NOV 14, 2017 09:57 AM PST

Air pollution can cause osteoporosis-fractures

You can now add osteoporosis to the long list of negative medical impacts caused by air pollution. New research published in The Lancet Planetary Health reports that exposure to air pollution is associated with osteoporosis-related loss of bone mineral density and risk of bone fractures.

The team of scientists from Columbia University's Mailman School of Public Health looked at public health in communities that showed high levels of ambient particulate matter (PM 2.5), a component of air pollution. They documented hospital admissions for bone fractures and determined that an increase in PM 2.5 concentrations correlates with more bone fractures in older adult populations.

"Decades of careful research has documented the health risks of air pollution, from cardiovascular and respiratory diseases, to cancer, and impaired cognition, and now osteoporosis," says Andrea Baccarelli, senior author of the study. "Among the many benefits of clean air, our research suggests, are improved bone health and a way to prevent bone fractures."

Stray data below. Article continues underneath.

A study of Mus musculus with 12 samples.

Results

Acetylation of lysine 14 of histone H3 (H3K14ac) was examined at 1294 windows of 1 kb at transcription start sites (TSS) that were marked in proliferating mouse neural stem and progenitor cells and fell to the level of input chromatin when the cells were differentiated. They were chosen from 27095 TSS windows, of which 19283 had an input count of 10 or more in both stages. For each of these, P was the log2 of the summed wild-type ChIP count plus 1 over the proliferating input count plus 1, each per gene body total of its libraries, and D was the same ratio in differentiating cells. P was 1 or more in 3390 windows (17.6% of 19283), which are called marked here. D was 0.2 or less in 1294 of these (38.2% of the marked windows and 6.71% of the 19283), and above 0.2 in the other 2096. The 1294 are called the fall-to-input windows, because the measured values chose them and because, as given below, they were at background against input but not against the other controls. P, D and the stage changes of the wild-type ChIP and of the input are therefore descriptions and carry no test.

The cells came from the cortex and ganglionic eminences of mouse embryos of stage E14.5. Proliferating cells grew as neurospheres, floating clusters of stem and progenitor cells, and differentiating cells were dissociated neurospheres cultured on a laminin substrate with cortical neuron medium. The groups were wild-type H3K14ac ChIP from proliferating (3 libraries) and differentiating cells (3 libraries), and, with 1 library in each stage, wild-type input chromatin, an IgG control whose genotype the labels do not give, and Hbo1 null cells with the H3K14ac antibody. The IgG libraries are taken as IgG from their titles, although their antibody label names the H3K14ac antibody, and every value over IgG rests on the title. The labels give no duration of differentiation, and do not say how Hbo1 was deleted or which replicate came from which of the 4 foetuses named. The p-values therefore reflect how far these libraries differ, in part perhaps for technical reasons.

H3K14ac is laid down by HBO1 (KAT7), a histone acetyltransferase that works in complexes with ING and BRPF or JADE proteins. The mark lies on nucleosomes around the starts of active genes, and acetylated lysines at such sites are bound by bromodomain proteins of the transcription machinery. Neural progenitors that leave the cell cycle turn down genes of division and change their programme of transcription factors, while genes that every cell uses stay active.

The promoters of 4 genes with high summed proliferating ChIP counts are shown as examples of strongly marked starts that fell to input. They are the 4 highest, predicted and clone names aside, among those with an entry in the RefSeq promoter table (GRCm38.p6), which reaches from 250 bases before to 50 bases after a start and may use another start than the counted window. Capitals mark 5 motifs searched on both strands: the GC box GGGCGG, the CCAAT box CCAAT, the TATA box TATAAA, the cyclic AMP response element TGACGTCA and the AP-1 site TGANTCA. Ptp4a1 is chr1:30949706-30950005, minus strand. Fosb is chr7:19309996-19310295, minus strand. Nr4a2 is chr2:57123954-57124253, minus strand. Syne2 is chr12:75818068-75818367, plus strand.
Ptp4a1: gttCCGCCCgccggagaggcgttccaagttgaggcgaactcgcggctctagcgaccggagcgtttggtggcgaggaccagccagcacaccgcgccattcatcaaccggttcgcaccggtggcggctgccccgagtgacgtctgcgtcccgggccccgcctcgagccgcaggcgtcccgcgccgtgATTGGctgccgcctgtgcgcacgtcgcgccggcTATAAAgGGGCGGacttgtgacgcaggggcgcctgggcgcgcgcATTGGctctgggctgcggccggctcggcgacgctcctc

Osteoporosis can be a chilling condition and holds the prize for the most common reason of a fracture in older populations. Those with the disease suffer from brittle and weak bones due to a loss of bone mass as the body ages. This results in roughly 2 million osteoporosis-related bone fractures in the U.S. every year which cost upwards of $20 billion. Osteoporosis-related fractures can greatly impact older people’s lives; some studies report that risk for death increases by as much as 20 percent, and only 40 percent of those who had fractures regain their independence.

Photo: wiseGEEK

The findings from the study are particularly frightening because of the implications that they have for low-income populations. Low-income communities already suffer disproportionately from the effects of environmental waste and pollution. After following 692 middle-aged, low-income adults in the Boston Area Community Health/Bone Survey cohort for eight years, those living in areas with higher levels of PM2.5 and black carbon (a component of air pollution from automotive emissions) showed negative health impacts from the exposure to pollution. The participants had lower levels of parathyroid hormone, a hormone that regulates calcium and bone remodeling, as well as higher reductions in bone mineral density.

According to Science Daily, the study also explains that PM 2.5 additionally causes systemic oxidative damage and inflammation, which itself could accelerate bone loss. It adds that smoking, too, has shown to also increase bone damage.

Sources: Science DailyScience Direct

About the Author
  • Kathryn is a curious world-traveller interested in the intersection between nature, culture, history, and people. She has worked for environmental education non-profits and is a Spanish/English interpreter.